Frans de Waal

Frans de Waal, PhD, is a Dutch-born biologist and primatologist world-renowned for his work on the social intelligence of primates, such as chimpanzees, bonobos, capuchins, and macaques. His scientific work has been published in hundreds of articles in journals such as Science, Nature, Scientific American, Natural History, Discover, as well as the technical journals of his field. De Waal is C. H. Candler Professor in the Psychology Department of Emory University and Director of the Living Links Center at the Yerkes National Primate Research Center, in Atlanta, Georgia. His books and regular appearances in the media have made Dr. de Waal one of the world’s most visible primatologists.



  • Our Inner Ape: A Leading Primatologist Explains Why We Are Who We Are



It’s no secret that humans and apes share a host of traits, from the tribal communities we form to our irrepressible curiosity. We have a common ancestor, scientists tell us, so it’s natural that we act alike. But not all of these parallels are so appealing: the chimpanzee, for example, can be as vicious and manipulative as any human. Yet there’s more to our shared primate heritage than just our violent streak. In Our Inner Ape, Frans de Waal, one of the world’s great primatologists and a renowned expert on social behavior in apes, presents the provocative idea that our noblest qualities—generosity, kindness, altruism—are as much a part of our nature as are our baser instincts. It’s plain that our finest qualities run deeper in our DNA than experts have previously thought. De Waal has spent the last two decades studying our closest primate relations, and his observations of each species in Our Inner Ape encompass the spectrum of human behavior. This is an audacious book, an engrossing discourse that proposes thought-provoking and sometimes shocking connections among chimps, bonobos, and those most paradoxical of apes, human beings.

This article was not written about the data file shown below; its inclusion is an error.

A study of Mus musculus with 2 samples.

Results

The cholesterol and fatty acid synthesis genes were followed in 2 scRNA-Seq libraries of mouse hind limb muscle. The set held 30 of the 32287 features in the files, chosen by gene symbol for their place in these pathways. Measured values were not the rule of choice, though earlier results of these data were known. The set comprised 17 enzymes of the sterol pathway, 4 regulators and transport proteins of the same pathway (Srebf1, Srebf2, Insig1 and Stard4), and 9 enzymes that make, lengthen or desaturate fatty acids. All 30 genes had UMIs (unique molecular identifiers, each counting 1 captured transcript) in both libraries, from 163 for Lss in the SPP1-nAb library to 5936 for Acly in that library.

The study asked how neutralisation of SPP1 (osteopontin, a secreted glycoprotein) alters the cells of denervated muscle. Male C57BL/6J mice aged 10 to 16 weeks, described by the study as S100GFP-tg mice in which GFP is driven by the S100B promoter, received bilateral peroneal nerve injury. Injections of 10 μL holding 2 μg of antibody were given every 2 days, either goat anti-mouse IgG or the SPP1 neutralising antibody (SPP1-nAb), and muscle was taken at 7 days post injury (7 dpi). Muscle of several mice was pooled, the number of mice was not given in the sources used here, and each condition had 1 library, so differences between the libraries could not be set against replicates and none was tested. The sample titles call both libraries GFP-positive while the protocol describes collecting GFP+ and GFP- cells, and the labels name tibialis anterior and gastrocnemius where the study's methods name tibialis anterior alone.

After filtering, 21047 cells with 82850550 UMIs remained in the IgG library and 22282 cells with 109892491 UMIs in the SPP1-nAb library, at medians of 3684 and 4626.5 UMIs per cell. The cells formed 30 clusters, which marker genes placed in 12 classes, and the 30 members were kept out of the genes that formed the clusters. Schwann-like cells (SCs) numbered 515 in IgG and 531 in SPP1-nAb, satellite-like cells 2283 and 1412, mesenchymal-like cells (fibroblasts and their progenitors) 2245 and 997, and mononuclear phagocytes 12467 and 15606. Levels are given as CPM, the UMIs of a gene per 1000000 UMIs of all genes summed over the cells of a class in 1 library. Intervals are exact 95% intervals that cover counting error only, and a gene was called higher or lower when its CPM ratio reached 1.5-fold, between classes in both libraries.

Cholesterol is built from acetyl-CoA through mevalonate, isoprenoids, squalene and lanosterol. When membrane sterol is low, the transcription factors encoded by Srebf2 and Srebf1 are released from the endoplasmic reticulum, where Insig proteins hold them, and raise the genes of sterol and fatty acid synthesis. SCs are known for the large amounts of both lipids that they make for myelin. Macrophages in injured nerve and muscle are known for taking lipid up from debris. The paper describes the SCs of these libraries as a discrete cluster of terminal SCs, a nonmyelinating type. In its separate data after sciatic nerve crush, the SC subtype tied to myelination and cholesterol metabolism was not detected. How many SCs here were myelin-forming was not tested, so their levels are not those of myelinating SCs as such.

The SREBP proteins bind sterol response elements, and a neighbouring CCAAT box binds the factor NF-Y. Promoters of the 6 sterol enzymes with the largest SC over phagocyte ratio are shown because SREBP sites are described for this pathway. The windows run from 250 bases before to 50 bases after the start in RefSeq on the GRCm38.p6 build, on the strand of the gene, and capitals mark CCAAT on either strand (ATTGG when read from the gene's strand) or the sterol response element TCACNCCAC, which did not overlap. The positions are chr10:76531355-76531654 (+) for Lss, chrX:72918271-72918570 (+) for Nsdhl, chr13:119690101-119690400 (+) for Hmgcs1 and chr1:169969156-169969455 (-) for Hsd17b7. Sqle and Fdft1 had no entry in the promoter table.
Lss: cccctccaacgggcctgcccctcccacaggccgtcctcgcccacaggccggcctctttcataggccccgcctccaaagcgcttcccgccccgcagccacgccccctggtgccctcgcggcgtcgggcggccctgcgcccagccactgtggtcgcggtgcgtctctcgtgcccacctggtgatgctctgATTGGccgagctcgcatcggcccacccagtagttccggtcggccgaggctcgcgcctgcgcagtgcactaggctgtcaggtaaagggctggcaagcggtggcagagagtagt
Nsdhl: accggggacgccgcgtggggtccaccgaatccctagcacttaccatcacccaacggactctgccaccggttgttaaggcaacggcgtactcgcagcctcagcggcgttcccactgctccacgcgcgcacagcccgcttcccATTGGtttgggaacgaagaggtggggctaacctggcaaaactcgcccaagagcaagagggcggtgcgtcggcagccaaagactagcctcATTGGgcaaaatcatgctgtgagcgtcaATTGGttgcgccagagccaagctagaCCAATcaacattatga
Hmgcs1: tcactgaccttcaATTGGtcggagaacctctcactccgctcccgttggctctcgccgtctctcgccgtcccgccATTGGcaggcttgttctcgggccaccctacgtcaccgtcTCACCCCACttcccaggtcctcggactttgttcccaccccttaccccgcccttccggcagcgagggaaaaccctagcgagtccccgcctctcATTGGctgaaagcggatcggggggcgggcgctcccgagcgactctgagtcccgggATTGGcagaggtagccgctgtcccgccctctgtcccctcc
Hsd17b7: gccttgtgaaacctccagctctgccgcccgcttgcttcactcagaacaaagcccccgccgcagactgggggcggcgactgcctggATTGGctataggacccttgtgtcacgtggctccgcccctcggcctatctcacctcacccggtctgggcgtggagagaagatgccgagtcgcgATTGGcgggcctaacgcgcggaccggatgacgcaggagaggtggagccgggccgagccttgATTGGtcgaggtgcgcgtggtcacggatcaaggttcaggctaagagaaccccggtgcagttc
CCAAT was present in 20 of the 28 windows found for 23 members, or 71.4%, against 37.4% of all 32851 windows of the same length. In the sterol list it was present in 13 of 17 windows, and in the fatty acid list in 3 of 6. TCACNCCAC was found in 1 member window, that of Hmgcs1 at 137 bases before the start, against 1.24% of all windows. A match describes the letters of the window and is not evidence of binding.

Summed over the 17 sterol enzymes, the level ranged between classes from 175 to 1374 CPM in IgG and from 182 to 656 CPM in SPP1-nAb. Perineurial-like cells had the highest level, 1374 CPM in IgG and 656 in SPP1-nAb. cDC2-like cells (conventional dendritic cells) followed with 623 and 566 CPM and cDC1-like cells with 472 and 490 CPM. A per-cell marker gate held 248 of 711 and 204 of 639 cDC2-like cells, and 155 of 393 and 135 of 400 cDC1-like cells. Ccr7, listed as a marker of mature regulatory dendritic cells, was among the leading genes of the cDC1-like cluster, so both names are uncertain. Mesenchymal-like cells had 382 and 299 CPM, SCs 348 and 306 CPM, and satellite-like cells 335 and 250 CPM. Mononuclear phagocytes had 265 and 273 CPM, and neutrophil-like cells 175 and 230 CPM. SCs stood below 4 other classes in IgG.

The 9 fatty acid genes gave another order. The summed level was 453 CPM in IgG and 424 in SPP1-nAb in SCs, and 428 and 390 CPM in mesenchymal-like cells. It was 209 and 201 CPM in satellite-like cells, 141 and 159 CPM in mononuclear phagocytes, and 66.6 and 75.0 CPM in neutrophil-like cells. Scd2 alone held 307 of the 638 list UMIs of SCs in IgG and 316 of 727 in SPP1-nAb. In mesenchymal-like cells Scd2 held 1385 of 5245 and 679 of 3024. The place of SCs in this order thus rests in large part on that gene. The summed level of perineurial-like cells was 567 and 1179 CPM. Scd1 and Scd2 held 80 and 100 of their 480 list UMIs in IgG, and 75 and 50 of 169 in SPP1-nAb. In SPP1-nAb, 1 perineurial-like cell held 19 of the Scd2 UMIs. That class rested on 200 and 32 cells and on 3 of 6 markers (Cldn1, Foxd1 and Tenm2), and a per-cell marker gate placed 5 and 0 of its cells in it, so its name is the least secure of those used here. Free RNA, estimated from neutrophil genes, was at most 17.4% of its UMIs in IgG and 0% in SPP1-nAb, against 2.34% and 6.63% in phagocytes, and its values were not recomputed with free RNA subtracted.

Our Inner Ape book cover

“In the early spring of 2002, I received an email from Doug Abrams. He felt something more could be done with my research on primates by focusing it on the eternal question of human nature.

I found Doug a very stimulating and well-informed collaborator, who gently nudged me in a direction that he knew would fly best with publishers. He also showed me how a serious proposal is put together. The end product was something much more substantial than I had anticipated: very professional and appealing.

“Our book proposal took the publishing world by storm. I was on the phone with many large publishing houses before the auction. I heard from many editors what a great and well thought-out proposal it was, and the final bid was of a magnitude that blew me away: many times larger than the largest sum I had ever had before. This occurred about eight months after Doug’s first email to me.

“It is fair to say that even though by now this book seems a logical one to write, a proposal to this effect would not have been put together without Doug’s sparking of the idea and helping me put it on paper. I found dealing with him constructive in every way, and am convinced that he and Idea Architects have a great future.”

“I found Doug a very stimulating and well-informed collaborator, who gently nudged me in a direction that he knew would fly best with publishers.”